March 02, 2012
The Bureau of Labor Statistics calculates official price indexes for two population groups. One is the Consumer Price Index for All Urban Consumers (CPI-U), which represents the spending habits of about 88 percent of the population of the United States. The other is the CPI for Urban Wage Earners and Clerical Workers (CPI-W), a subset of the CPI-U population, which represents about 29 percent of the U.S. population. BLS also calculates an experimental CPI for the elderly, or CPI-E, by using households whose reference person or spouse is 62 years of age or older. In 2009–2010, approximately 24 percent of all consumer units met the CPI-E's definition of having a reference person or spouse 62 years of age or older.
From December 1982 through December 2011, the all-items CPI-E rose at an annual average rate of 3.1 percent, compared with increases of 2.9 percent for both the CPI-U and CPI-W. There are several reasons that older Americans faced slightly higher inflation rates over the past 29 years. First, older Americans devote a substantially larger share of their total budgets to medical care. The share of expenditures on medical care by the CPI-E population is roughly double that of either the CPI-U population or the CPI-W population. In addition, over the 1983–2011 period, medical care inflation increased significantly more than inflation for most other goods and services (5.1 percent annually for medical care, compared with 2.8 percent for all items less medical care). Second, older Americans spend relatively more on shelter, and during the last 29 years shelter costs have modestly outpaced overall inflation.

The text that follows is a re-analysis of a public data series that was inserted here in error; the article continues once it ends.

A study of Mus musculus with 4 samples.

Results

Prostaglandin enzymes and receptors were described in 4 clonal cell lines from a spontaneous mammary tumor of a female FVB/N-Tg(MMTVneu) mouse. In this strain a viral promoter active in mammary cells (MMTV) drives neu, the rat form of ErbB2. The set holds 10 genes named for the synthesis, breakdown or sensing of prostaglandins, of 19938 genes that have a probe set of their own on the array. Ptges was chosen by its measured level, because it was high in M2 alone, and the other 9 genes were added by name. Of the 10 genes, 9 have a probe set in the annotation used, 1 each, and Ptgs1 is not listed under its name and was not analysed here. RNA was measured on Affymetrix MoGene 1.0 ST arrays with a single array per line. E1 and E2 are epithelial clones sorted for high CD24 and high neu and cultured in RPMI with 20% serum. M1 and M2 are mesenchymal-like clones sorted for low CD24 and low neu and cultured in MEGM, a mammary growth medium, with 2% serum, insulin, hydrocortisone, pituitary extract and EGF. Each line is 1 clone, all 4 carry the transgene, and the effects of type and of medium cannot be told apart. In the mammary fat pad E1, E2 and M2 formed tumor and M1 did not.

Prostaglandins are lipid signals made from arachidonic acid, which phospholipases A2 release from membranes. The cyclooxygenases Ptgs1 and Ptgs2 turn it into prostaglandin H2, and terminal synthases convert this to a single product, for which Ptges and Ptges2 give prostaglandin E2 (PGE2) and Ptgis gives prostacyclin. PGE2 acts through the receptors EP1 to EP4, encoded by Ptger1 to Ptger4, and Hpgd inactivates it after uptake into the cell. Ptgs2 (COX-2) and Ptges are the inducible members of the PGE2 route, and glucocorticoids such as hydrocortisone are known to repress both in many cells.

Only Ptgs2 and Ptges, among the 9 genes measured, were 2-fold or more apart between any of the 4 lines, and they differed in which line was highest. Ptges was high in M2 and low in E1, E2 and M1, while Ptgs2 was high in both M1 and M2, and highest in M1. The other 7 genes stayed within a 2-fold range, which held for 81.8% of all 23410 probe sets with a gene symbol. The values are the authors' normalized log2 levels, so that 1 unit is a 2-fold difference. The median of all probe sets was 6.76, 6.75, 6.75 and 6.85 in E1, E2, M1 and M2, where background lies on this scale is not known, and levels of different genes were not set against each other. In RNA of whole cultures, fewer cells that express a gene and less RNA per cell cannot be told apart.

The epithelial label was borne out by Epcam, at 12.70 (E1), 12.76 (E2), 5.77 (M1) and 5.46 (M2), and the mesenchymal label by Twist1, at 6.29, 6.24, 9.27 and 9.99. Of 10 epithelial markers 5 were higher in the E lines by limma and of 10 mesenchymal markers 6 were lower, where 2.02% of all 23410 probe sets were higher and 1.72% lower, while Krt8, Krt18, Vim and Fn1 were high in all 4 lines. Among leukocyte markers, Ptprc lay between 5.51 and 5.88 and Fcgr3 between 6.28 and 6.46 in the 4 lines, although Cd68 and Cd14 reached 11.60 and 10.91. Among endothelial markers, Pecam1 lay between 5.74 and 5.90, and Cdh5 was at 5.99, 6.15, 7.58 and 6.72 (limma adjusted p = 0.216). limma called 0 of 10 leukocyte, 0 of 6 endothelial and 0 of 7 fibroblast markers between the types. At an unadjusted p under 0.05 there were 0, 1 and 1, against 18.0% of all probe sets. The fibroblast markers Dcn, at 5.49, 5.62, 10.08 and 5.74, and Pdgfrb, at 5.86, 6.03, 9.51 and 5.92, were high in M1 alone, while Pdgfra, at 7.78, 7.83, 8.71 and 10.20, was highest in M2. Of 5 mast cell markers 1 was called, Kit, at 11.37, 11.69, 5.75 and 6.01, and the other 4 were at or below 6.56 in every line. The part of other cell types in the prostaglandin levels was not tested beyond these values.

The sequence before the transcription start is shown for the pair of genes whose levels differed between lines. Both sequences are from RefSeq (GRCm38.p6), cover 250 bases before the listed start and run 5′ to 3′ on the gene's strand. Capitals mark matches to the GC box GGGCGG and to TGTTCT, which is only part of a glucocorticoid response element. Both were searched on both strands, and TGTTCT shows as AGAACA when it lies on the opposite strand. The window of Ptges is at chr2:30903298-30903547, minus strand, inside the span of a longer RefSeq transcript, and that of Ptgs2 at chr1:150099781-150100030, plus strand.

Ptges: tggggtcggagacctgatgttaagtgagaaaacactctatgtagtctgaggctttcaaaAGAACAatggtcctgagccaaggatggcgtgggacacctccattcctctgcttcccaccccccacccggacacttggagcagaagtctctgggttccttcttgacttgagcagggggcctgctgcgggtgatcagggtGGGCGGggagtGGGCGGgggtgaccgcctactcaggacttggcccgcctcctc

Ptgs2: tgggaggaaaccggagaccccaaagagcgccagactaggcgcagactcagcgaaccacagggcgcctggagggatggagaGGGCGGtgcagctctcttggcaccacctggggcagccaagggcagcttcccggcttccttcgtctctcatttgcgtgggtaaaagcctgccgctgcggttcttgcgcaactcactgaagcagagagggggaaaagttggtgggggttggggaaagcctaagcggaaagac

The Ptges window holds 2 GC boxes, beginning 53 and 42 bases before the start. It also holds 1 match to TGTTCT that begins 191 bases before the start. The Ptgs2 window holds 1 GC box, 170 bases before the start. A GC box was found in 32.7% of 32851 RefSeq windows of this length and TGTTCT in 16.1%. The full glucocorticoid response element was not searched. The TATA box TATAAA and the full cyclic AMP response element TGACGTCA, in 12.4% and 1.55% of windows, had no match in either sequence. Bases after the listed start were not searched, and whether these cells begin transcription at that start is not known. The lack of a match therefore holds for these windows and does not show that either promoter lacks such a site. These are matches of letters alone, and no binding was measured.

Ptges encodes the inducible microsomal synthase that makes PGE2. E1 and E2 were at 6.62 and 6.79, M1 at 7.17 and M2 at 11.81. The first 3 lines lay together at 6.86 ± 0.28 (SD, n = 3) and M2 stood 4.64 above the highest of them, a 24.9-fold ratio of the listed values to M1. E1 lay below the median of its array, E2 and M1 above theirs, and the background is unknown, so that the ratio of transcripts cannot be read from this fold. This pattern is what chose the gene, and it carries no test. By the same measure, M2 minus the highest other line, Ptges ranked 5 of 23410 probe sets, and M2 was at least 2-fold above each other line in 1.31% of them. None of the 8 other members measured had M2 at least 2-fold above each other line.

Although the CPI-E generally outpaced the official measures of inflation over the 1983–2011 timeframe, recent trends show different results. From 2006 to 2011, both the all-items CPI-E and the CPI-U rose at an average annual rate of 2.3 percent, while the CPI-W increased 2.4 percent. This turnaround was caused primarily by changes in the relative inflation rates of medical care and shelter, compared with the overall inflation rate. Specifically, the gap between medical care inflation and overall inflation has generally fallen since 2005, and shelter inflation has been rising slightly more slowly than overall inflation over the 2006–2011 period.
These data are from the Consumer Price Index program. To learn more, see Focus on Prices and Spending, February 2012, volume 2, number 15, "The Experimental Price Index for Older Americans (CPI-E)" (HTML) (PDF).
Bureau of Labor Statistics, U.S. Department of Labor, The Economics Daily, Consumer Price Index for the elderly on the Internet at http://www.bls.gov/opub/ted/2012/ted_20120302.htm (visited July 04, 2015).
New estimates of personal taxes in Consumer Expenditure Survey
In 2013, the Consumer Expenditure Survey improved its personal tax data.
Trends in long-term unemployment
Long-term unemployment reached historically high levels following the recession of 2007–2009.
Housing: before, during, and after the Great Recession
looks at consumer expenditures on household items, employment in residential construction, prices for household items, and injuries in occupations involved in building and maintaining our homes.